The United States House of Representatives voted to increase stimulus payments directly to Americans from $600 per person to $2,000 per person. 

The increase was in a stand-alone bill, H.R. 9051 called the CASH Act (Caring for Americans with Supplemental Help (CASH) Act of 2020) which was introduced by Ways and Means Committee Chairman Richard E. Neal (D-MA) on Christmas Eve. 

Despite President Trump asking for the increase, the majority of Republicans voted against the increase. The bill passed with just over two-thirds of the House voting in approval.

The vote won the Democratic caucus by a 231-2 margin, Republicans voted 44-130 and independents voted 0-2.

The legislation now goes to the US Senate, where its future is unclear. Senate Majority Leader Mitch McConnell, who largely controls what legislation gets to the floor, has not spoken about the CASH Act or considering such a vote in the Senate.  The Senate will be in session on Tuesday.

The CASH Act: 

Increases the value of the economic impact payments (EIPs) provided in the end-of-year COVID relief package so that each eligible family member receives $2,000, up from $600.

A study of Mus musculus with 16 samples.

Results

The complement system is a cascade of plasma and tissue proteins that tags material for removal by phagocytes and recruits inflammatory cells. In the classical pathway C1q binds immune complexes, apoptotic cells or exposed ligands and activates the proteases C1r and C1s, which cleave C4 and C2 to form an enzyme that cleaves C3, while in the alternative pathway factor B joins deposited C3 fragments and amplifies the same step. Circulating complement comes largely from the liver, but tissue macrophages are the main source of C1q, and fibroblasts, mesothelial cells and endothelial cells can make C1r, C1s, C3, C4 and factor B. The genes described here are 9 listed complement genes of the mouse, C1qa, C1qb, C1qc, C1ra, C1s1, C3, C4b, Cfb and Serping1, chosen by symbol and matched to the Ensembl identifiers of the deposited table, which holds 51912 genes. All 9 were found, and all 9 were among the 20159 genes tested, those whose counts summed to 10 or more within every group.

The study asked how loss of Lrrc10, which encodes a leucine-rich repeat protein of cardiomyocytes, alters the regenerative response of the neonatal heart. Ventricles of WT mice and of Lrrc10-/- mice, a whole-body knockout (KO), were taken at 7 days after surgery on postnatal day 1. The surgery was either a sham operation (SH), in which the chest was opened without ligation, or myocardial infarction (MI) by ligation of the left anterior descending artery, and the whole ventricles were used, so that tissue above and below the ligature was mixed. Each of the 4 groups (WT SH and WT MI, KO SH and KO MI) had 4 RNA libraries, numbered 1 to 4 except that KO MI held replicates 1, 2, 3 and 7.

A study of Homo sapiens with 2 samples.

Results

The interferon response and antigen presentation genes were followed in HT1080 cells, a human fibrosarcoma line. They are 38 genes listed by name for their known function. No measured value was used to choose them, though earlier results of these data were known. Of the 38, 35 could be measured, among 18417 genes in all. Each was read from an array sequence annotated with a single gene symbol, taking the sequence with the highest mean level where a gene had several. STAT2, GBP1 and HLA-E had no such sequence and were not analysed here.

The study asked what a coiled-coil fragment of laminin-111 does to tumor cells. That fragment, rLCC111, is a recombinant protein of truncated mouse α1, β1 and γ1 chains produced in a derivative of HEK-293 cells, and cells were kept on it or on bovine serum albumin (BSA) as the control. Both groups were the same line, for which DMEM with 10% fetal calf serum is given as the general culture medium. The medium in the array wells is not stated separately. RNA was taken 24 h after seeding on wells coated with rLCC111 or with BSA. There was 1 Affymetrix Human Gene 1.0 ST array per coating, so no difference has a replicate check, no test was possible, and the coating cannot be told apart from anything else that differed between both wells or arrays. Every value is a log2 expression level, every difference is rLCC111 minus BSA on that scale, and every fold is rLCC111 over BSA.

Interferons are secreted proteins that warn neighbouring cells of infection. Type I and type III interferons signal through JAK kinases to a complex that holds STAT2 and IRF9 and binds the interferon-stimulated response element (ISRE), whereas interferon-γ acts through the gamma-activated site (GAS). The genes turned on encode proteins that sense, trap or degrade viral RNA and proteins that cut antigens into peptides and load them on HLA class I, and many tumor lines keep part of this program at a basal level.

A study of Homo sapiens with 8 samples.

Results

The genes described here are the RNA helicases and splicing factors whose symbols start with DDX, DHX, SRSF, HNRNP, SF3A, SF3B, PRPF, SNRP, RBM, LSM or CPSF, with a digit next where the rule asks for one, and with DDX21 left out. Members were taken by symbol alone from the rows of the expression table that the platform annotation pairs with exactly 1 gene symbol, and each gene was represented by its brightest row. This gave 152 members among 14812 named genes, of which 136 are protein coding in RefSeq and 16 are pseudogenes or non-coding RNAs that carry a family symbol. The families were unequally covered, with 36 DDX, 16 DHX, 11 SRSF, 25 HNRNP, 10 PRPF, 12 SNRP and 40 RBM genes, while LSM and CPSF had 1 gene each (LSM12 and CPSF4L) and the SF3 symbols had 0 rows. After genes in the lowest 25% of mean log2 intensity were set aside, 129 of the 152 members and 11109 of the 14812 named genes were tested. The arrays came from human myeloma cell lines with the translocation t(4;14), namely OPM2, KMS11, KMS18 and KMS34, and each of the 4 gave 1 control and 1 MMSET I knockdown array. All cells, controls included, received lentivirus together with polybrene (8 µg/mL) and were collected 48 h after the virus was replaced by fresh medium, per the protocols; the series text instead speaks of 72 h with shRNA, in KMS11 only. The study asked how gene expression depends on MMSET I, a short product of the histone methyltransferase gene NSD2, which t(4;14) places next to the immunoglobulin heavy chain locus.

Applies the same, broader eligibility established in the end-of-year package to mixed-status families where one spouse has a Social Security Number (SSN). As specified in the latest COVID relief legislation, these families are eligible for the EIP amount for each family member with an SSN, and can claim the corresponding amount for the first round of economic impact payments when they file their 2020 taxes.

If the proposal to increase stimulus checks to $2,000 is signed, the overall cost of the stimulus bill would go from $900 billion to $1.36 trillion, according to House data released on Monday.